May 25, 2011

When I started industrial research, my mode of operation was not unlike that of university research. Although I was hired to do research in a product area of my employer, I was given considerable freedom on research direction. Digressions were common, provided that they didn't impede research in my designated area. I published many papers and presented at many conferences.

As the decades passed, industrial research went through considerable change. First, the number of support staff dwindled, which eroded the time available to me for "deep thought." Soon, the many plagues of management theory, such as Total Quality Management, consumed much more of my time. Research became more structured, and it was finally organized into "projects" with time-lines and milestones. Project funding cycles shrank from multi-year to a year or less.

Finally, industrial research disintegrated into the scenario that I described in a previous article (Untouched by Human Hands, January 25, 2011). Innovation was stifled, and I no longer published research papers. My last research publication was in 1995, five years before I retired. My experience was somewhat better than that of my friends at Bell Labs. Bell Labs went though many changes a lot faster, finally becoming a shell of its former self.

There's one anecdote told by a Bell Labs acquaintance that summarizes much of what happened. A new management team was touring his facility, so he assembled a laboratory show-and-tell exhibit of the exciting things his laboratory had done in prior years. He had just started to explain these items, when he was rudely interrupted and told, "We're not interested in what you did last year. We're only interested in what you'll do for us this year." I guess the wisdom of the expression, "What's past is prologue," eludes the bean counters.

This evolution of workstyle, not just in science and technology, but nearly all professions, was portrayed in the BBC documentary, "The Trap" by Adam Curtis.[1] This trap is the idea that the world revolves around performance targets and quotas, and the immediate value of any enterprise can be reduced to a mathematical expression. As stated in the documentary, it was a case of out of the frying pan, into the fire.
"The attempt to liberate people from the dead hand of bureaucracy has led to the rise of a new and controlling system of management driven by targets and numbers."

IEEE Milestone plaque - Transistor invention.

Commemorative plaque marking the demonstration of the transistor at Bell Labs (click for larger view)

Would it be possible to invent the transistor today?

Photo by author, via Wikimedia Commons)


Philip Mirowski, Carl Koch Professor of Economics and the History and Philosophy of Science at Notre Dame, has just published a book, "Science-Mart," that summarizes the decline in US industrial research that my colleagues and I experienced.[2] Starting in the 1980s, just when I was establishing my research career, the US migrated from a model in which the government funded science as a public good, to a model in which ideas were just another commodity and a money-making enterprise.

University faculty became profit centers, and there was a growing collegiate administration that fed off their profits. Corporations, using their near-term financial models, decided that their in-house research operations were not profit centers, and they started to outsource research. First, the outsourcing was to universities, where cheap student labor abounds, and then to other countries. Writes Mirowski,[3]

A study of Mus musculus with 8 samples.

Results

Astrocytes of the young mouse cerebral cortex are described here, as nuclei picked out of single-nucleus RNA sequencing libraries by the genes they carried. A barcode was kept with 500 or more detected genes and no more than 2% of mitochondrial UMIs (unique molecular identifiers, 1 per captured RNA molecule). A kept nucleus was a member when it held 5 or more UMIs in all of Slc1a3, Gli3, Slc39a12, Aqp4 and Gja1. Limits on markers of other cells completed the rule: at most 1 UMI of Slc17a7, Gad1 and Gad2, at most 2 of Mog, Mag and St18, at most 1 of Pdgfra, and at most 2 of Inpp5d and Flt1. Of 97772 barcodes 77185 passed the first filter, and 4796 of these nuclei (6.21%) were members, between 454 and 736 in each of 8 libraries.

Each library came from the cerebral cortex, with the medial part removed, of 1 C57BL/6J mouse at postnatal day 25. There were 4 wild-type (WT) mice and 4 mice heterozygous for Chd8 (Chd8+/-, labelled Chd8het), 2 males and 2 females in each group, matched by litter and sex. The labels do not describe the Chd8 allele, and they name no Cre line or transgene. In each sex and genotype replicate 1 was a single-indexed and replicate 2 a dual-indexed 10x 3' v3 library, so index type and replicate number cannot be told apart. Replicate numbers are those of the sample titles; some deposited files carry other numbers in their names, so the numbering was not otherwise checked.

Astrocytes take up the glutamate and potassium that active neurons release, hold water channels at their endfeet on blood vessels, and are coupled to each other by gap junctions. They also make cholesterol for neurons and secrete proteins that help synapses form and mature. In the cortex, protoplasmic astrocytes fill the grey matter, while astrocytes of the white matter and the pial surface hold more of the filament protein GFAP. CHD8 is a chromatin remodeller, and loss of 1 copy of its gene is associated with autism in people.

"My book Science-Mart seeks to call into question the entire amorphous movement to commodify and commercialize scientific research since the 1980s. To accomplish that, it provides... an exploration into the difficult question of whether and how much science has been harmed by the commercialization process; and a final meditation on why people are so inclined to believe the 'marketplace of ideas' is inherently efficient, when it might just as equally render people more stupid."

In this "marketplace of ideas," larger companies acquire smaller companies when they need technology. It also means that they acquire patent rights from innovative individuals; although it's often the case that they will steal these ideas and drown the innovator in a sea of lawyers. It's much easier to quantify legal expenses than your return on investment for research.

Is there any way for scientists to dig themselves out of this pigeonhole that society has stuffed us into? Our only hope may be in the private foundations that our modern day robber barons have established as their sin offering.

References:

  1. Adam Curtis, "The Trap: What Happened to Our Dream of Freedom," video via thoughtmaybe.com, April 12, 2010.
  2. Philip Mirowski, "Science-Mart: Privatizing American Science," Harvard University Press, (Cambridge, MA, April 1, 2011), 464 pages.
  3. Marshal Zeringue, "Philip Mirowski's 'Science-Mart'," page99test.blogspot.com, March 14, 2011.

Permanent Link to this article

Linked Keywords: Research and development; industrial research; university; research; management theory; Total Quality Management; TQM; innovation; Bell Labs; laboratory; show-and-tell; What's past is prologue; bean counter; STEM fields; science and technology; BBC; The Trap; Adam Curtis; performance targets; quota; equation; mathematical expression; out of the frying pan, into the fire; Wikimedia Commons; Philip Mirowski; economics; history and philosophy of science; Notre Dame; public good; commodity; corporation; financial model; outsourcing; patent; return on investment; pigeonhole; private foundation; robber baron; sin offering.